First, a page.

Getting ready for the summer sun with 'green' sunscreens

January 31, 2018, American Chemical Society
Getting ready for the summer sun with 'green' sunscreens
Credit: American Chemical Society

Although it's been a tough winter for many people in the U.S., summer is coming. And that means backyard barbeques, fun on the beach and, of course, slathering on sunscreen. But one particular environmentally friendly sunscreen ingredient has been difficult to obtain—that ingredient, shinorine, could only be harvested from nature. Scientists now report in ACS Synthetic Biology the laboratory production of that compound.

Sunscreen is key to protecting the skin from carcinogenic UV radiation. However, some synthetic components can accumulate in aquatic environments and potentially cause harm by acting as hormone disruptors. One alternative to these ingredients is the biodegradable sunscreen compound shinorine, a UV-absorbing substance produced naturally by cyanobacteria and . The shinorine currently found in commercially available sunscreens comes from red algae gathered from the sea, but the yield can vary seasonally and geographically, limiting supply. So, Yousong Ding and colleagues sought to develop a more reliable source of shinorine by bringing production out of the wild and into the laboratory.

The team selected a strain of freshwater cyanobacteria, Synechocystis, as a host cell for shinorine expression because it grows quickly, and it is easy for scientists to change its . Next, they mined the cluster of genes responsible for the synthesis of shinorine from a native producer, the filamentous cyanobacterium Fischerella. The researchers then inserted these genes into Synethcocystis. At first, the production was dismal, three times lower than Fischerella production. But adding extra promoters to the gene cluster increased production ten-fold. Finally, the team exposed control cells and those expressing shinorine to UV radiation. No growth differences were observed with UV-A light. But control cells experienced an obvious decline in population from UV-B exposure. The researchers say that in the other cells, shinorine acted as sunscreen against UV-B light, which helped the live and grow better.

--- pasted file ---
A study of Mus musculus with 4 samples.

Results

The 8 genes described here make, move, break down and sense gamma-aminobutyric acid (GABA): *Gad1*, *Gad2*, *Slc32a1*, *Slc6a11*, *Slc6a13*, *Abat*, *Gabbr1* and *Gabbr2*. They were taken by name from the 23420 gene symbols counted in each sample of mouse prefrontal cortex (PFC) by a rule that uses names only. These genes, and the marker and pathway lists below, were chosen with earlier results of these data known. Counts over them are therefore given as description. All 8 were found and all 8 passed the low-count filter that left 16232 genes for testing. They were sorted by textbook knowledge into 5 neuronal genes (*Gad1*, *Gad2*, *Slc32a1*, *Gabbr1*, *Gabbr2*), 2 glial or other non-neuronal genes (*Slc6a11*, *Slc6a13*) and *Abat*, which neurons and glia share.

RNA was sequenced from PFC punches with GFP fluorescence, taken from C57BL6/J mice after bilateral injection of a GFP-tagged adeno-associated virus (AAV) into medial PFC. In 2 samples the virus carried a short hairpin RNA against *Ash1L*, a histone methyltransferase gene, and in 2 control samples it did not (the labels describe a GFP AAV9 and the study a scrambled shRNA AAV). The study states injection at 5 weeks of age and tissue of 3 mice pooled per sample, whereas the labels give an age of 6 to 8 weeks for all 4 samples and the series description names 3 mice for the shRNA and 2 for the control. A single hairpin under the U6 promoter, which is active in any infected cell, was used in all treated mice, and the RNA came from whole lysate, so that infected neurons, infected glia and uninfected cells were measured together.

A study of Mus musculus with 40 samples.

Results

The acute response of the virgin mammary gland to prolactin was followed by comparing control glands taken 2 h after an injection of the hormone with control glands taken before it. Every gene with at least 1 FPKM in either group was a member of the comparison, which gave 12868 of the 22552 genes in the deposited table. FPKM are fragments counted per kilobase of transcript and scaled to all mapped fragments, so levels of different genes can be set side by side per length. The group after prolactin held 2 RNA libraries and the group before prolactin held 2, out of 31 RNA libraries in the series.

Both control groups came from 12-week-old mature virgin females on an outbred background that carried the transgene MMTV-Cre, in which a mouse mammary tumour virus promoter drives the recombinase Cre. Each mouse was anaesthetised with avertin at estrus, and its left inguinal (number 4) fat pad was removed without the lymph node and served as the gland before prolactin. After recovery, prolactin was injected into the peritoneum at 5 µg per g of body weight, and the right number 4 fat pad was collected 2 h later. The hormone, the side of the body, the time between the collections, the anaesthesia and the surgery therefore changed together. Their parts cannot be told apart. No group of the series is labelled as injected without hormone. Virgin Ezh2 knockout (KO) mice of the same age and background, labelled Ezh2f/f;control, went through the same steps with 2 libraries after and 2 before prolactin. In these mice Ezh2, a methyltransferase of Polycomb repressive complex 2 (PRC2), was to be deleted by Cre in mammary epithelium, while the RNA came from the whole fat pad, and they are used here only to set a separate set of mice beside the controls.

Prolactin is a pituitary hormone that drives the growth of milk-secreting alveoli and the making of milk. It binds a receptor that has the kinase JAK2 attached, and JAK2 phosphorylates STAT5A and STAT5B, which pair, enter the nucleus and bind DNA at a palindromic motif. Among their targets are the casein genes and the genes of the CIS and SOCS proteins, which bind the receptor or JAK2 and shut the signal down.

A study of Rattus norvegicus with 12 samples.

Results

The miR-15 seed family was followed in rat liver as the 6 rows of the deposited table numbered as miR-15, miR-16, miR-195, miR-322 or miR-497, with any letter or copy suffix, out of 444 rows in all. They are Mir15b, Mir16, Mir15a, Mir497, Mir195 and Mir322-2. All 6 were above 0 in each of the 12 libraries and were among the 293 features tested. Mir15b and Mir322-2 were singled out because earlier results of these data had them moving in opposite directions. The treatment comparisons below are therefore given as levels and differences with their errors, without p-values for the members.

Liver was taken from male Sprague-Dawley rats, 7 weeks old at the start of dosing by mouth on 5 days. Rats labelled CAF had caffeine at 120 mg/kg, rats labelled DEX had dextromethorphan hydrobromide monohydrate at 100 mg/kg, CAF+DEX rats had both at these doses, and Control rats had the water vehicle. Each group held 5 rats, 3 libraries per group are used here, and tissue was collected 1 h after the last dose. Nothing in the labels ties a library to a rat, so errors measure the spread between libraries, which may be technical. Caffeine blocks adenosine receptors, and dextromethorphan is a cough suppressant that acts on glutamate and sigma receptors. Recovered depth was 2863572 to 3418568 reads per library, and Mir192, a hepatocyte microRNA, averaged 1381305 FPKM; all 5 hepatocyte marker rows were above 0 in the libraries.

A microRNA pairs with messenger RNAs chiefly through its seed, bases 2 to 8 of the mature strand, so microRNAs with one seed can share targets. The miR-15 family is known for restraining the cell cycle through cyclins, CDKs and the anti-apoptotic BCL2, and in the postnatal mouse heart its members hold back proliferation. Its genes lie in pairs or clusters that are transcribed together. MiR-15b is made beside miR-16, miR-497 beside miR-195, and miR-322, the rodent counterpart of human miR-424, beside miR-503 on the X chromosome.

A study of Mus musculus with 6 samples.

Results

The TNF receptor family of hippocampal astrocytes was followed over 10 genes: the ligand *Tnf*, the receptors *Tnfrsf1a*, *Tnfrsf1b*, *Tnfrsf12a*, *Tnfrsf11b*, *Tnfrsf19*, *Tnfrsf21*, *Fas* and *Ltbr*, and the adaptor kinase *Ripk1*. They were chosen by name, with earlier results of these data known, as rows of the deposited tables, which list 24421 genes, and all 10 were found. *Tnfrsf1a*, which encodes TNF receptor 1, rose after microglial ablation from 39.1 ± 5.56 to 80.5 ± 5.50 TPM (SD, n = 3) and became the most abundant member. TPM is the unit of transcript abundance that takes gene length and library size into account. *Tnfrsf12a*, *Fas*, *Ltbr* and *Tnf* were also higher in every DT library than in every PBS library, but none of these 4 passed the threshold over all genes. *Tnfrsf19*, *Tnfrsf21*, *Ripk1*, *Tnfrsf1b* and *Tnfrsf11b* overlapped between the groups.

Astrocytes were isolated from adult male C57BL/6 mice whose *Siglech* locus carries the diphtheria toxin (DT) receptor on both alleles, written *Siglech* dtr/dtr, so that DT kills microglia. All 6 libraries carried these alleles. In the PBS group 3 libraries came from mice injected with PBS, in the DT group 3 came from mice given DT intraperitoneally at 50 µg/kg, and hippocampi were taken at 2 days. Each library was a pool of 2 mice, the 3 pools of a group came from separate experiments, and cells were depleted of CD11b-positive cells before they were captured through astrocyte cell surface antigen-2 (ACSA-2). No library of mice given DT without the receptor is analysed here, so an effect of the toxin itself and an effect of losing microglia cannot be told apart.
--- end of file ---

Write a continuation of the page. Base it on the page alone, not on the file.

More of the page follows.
Explore further: Your sunscreen may be polluting the ocean – but algae could offer a natural alternative

More information: Guang Yang et al. Photosynthetic Production of Sunscreen Shinorine Using an Engineered Cyanobacterium, ACS Synthetic Biology (2018). DOI: 10.1021/acssynbio.7b00397

Abstract
Mycosporine-like amino acids (MAAs) are secondary metabolites of a variety of marine organisms including cyanobacteria and macroalgae. These compounds have strong ultraviolet (UV) absorption maxima between 310 and 362 nm and are biological sunscreens for counteracting the damaging effects of UV radiation in nature. The common MAA shinorine has been used as one key active ingredient of environmentally friendly sunscreen creams. Commercially used shinorine is isolated from one red algae that is generally harvested from the wild. Here, we describe the use of Synechocystis sp. PCC6803 as a host for the heterologous production of shinorine. We mined a shinorine gene cluster from the filamentous cyanobacterium Fischerella sp. PCC9339. When expressing the cluster in Synechocystis sp. PCC6803, we observed the production of shinorine using LC–MS analysis, but its productivity was three times lower than the native producer. Integrated transcriptional and metabolic profiling identified rate-limiting steps in the heterologous production of shinorine. The use of multiple promoters led to a 10-fold increase of its yield to 2.37 ± 0.21 mg/g dry biomass weight, comparable to commercially used shinorine producer. The UV protection of shinorine was further confirmed using the engineered Synechocystis sp. PCC6803. This work was the first time to demonstrate the photosynthetic overproduction of MAA. The results suggest that Synechocystis sp. PCC6803 can have broad applications as the synthetic biology chassis to produce other cyanobacterial natural products, expediting the translation of genomes into chemicals.